Years ago, the busiest blocks in Baltimore were not down by the Inner Harbor. Instead they were scattered all across the city, centered around the 11 public markets that acted as each community’s epicenter of commerce, cuisine, and culture. Neighborhoods were literally built around the block-long structures, where farmers and merchants peddled livestock and produce, and all walks of city life converged around the sights, sounds, and smells.
Today, six markets remain in the country’s oldest public market system, all with roots that date back to at least the 1800s. Sure, most have become a little rough around the edges, but they’re not without their lingering charms, offering a reassuring sense of place to generations of Baltimoreans in an ever-changing city. Familiar smells greet you in the corridor, while faded signage makes long-standing businesses feel timeless, like a place your grandparents frequented, and hopefully your grandchildren will, too. These markets are where Baltimoreans have eaten their first crab cakes, gathered over Natty Bohs, and shopped for fresh groceries in a city now beleaguered by food deserts.
“There is a lot of potential in restoring these spaces to their former glory.”
But with age comes a need for maintenance, and traditions are difficult to sustain without some sort of investment. Public markets are owned by the city, and they have long suffered from swings of neglect and declining foot traffic as shopping options change. But while they’ve been left to languish, several of the surviving markets are now undergoing multi-million-dollar, public-private transformations: Cross Street Market in Federal Hill, Hollins Market in Pigtown, pictured left, and Broadway Market in Fells Point, which will be partially converted into a high-end crab house.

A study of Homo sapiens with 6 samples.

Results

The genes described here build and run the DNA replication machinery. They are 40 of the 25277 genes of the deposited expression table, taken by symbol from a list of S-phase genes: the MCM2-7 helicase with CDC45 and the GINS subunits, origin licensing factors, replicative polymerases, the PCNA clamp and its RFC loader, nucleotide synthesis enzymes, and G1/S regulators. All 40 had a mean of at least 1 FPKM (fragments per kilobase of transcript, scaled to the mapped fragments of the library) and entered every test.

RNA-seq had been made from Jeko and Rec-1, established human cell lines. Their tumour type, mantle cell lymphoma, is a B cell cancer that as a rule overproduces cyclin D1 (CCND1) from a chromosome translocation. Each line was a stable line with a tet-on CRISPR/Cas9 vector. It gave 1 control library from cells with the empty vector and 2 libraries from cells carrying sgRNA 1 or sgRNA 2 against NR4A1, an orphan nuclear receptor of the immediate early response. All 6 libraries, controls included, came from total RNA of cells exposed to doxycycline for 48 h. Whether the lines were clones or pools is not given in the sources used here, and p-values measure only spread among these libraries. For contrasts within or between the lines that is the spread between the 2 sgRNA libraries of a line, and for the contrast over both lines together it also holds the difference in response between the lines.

“Baltimore was a great market city, and it is to this day,” says architectural historian John Gentry. But the system’s ability to survive relies on a “values-centered approach to preservation,” he notes, with ideal redevelopment tailoring to both community needs and local planning goals. Walkability tends to make markets attractive to transit-focused city officials, while their affordable food options make them appealing to socially conscious urban planners.
There is a lot of potential that lies in restoring these spaces to their former glory, both culturally and economically, but Gentry also notes that critics often consider such projects to be “agents of gentrification.” Though several developers have committed to coordinating with the Baltimore Public Markets Corporation—which works to ensure that markets remain community hubs, while also addressing food, nutrition, and public service needs—new food halls tend to bring trendy vendors not affordable to all, and higher-income consumers create a valid fear of displacement among legacy residents. The Mount Vernon Marketplace does include a produce stand, while R. House’s developers offer affordable housing for area teachers, and both spots have become cross-cultural hangouts. But even still, it’s hard to envision the old stalwarts reinvented in their sleek, chic, new image.
The real litmus test may lie in the granddaddy of them all—Lexington Market—the oldest city market, having been originally constructed in 1782. World-class crab cakes aside, the landmark has seen better days, with a tired interior, the occasional viral rat video, and an exterior strained by crime. While previous plans included razing and rebuilding, it was recently announced that the market’s long-anticipated redevelopment will be handled by Seawall Development, the brains behind R. House and other redevelopment projects in Remington. Construction on new and existing structures is set to begin as soon as late 2019.
“We believe that real estate should be used to empower communities and unite our cities,” says Thibault Manekin, co-founder of Seawall. “There are few cities in America that are in more need of being united than Baltimore, and there is no greater historical institution than Lexington Market to be the tipping point that brings us all together.”
For centuries, Baltimore City residents have cherished the charming clip-clop of horses’ hooves and the hollers of “Tomatoes!” or “Watermelons!” coming around the corner. A time-honored tradition passed down among generations of African-American families, the produce salesmen known as arabbers (pronounced ay-rabbers) have been peddling fresh fruit and vegetables via colorful, horse-drawn carts since the 1800s. But while their horses once speckled the city, their presence is more of a novelty these days, as regulations and urban renewal have strained the practice. Crossing paths with an arabber now feels a bit like spotting a white rhino, but in neighborhoods where healthy food is scarce, they still serve as mobile markets and survive thanks to the patronage of loyal customers. A motto for all Baltimoreans to live by: An apple a day allows the horses to stay.